I got tired of paying $20/month to cloud providers for hosting my side projects, especially when I have 3 raspberry pis sitting idle. I moved my projects in-house this past weekend.
Traefik has been useful for serving multiple projects, but I realize what I really want is a reverse proxy directly on the router. My router has ARM architecture, 50 MB disk space, and <500 MB RAM, so traefik is out of the question.
I could use HAProxy or nginx, but the thought of maintaining their config files really dampens my spirits; infrequent config changes always causes dozens of search queries for reminders of how to update config.
Caddy 2 came very close to being a straightforward solution, but I specifically need to route based on HTTP headers, and I hit a wall at the somewhat sparsely detailed quick-start guide (it seems possible, but it's hard to tell).
Finally, I was pleasantly surprised by skipper, whose "eskip" config is as straightforward as it gets. With the help of the docs, I was able to install it on the router and route traffic in ~30 minutes.
# Suggested setup
To use the router as a reverse proxy server, it will need to be equipped with ssh. This guide uses OpenWRT, but other software might also do the trick.
Alternatively, if using the router is too much trouble, you can port forward to a dedicated reverse proxy machine.
If you choose this option then replace all instances of "router" with "dedicated skipper server"
Machines with unique hostnames
I don't assume that my servers will always have the same LAN ip, especially if I need to replace the router for some reason.
Hostnames are static and useful for contextual routing, so each of my backend severs gets a specific hostname:
Personally I like to use random Halo Monitor names as hostnames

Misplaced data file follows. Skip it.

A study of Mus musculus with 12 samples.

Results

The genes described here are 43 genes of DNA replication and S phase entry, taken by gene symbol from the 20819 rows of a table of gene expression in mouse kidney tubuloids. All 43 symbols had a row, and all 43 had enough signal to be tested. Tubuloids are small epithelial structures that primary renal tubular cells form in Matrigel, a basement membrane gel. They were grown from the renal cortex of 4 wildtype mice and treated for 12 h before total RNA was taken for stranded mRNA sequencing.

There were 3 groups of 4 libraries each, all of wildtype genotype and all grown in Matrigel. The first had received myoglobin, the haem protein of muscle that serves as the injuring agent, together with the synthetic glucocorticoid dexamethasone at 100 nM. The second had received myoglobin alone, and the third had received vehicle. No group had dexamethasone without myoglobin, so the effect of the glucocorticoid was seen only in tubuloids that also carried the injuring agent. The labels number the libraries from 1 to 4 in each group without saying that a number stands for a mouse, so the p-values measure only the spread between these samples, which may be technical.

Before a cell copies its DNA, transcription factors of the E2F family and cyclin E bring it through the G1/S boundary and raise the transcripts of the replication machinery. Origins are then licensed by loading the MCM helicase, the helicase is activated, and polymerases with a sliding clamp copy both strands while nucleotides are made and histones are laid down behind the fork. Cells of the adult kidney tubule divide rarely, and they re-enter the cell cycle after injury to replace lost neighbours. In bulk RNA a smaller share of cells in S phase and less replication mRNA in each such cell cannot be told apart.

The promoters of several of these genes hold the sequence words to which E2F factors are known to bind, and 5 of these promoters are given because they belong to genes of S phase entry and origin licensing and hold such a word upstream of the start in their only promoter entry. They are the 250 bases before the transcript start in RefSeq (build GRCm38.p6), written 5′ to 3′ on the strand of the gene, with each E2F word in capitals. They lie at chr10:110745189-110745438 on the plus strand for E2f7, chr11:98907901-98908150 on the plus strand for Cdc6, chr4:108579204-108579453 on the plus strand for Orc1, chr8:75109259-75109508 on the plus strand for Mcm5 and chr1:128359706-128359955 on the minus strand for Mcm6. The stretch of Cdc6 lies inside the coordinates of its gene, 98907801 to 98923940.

# machine: backbend server echo 'noble-operator' | sudo tee /etc/hostname
# Install Skipper
Select the appropriate architecture from the releases page and install it on the router.
# machine: router curl -L https://github.com/zalando/skipper/releases/download/v0.11.98/skipper-v0.11.98-linux-arm7.tar.gz -o skipper.tar.gz tar -zxvf skipper.tar.gz cd skipper-v0.11.98-linux-arm7/
Need curl in OpenWRT?
opkg update; opkg install curl
Then save the following to
routes.eskip (it's only a simple ping/pong health check for now).
// machine: router // routes.eskip ping: Host("ping") -> status(200) -> inlineContent("pong\n") -> <shunt>;
# Run skipper
This guide will assume you serve skipper from port
12345, so replace that with whichever port you choose.
# machine: router ./skipper -routes-file=routes.eskip -address 0.0.0.0:12345 -metrics-flavour=prometheus -enable-connection-metrics
Then run this curl command:
# machine: router curl -H Host:ping http://127.0.0.1:12345
If you got a
pong back, it's working!
# Open the gates
And now for the magic hack that opens up this proxy to the world, port-forward your desired ports (usually 80/443) to the router itself. I guess this is hardly port "forwarding," per se, now it's more like port "consuming."
If you're using a dedicated reverse proxy machine inside the LAN (and not the router), then port forward to that instead.
Then test it from the internet (I use my phone, disconnected from wifi, to make sure there's no network shenanigans):
# machine: something that is not on your LAN curl -H Host:ping http://22.214.171.124 # replace 126.96.36.199 with your public IP
If all is right, you should get another
# Add routes
Now you're ready to start routing.
// machine: router // routes.eskip ping: Host("ping") -> status(200) -> inlineContent("pong\n") -> <shunt>; example: Host("example.com") ->preserveHost("true") -> "http://noble-operator";
This example forwards
example.com to the server with the
Now you can explore the docs and skipper's many features, such as metrics, ratelimiting, filters, and protcols.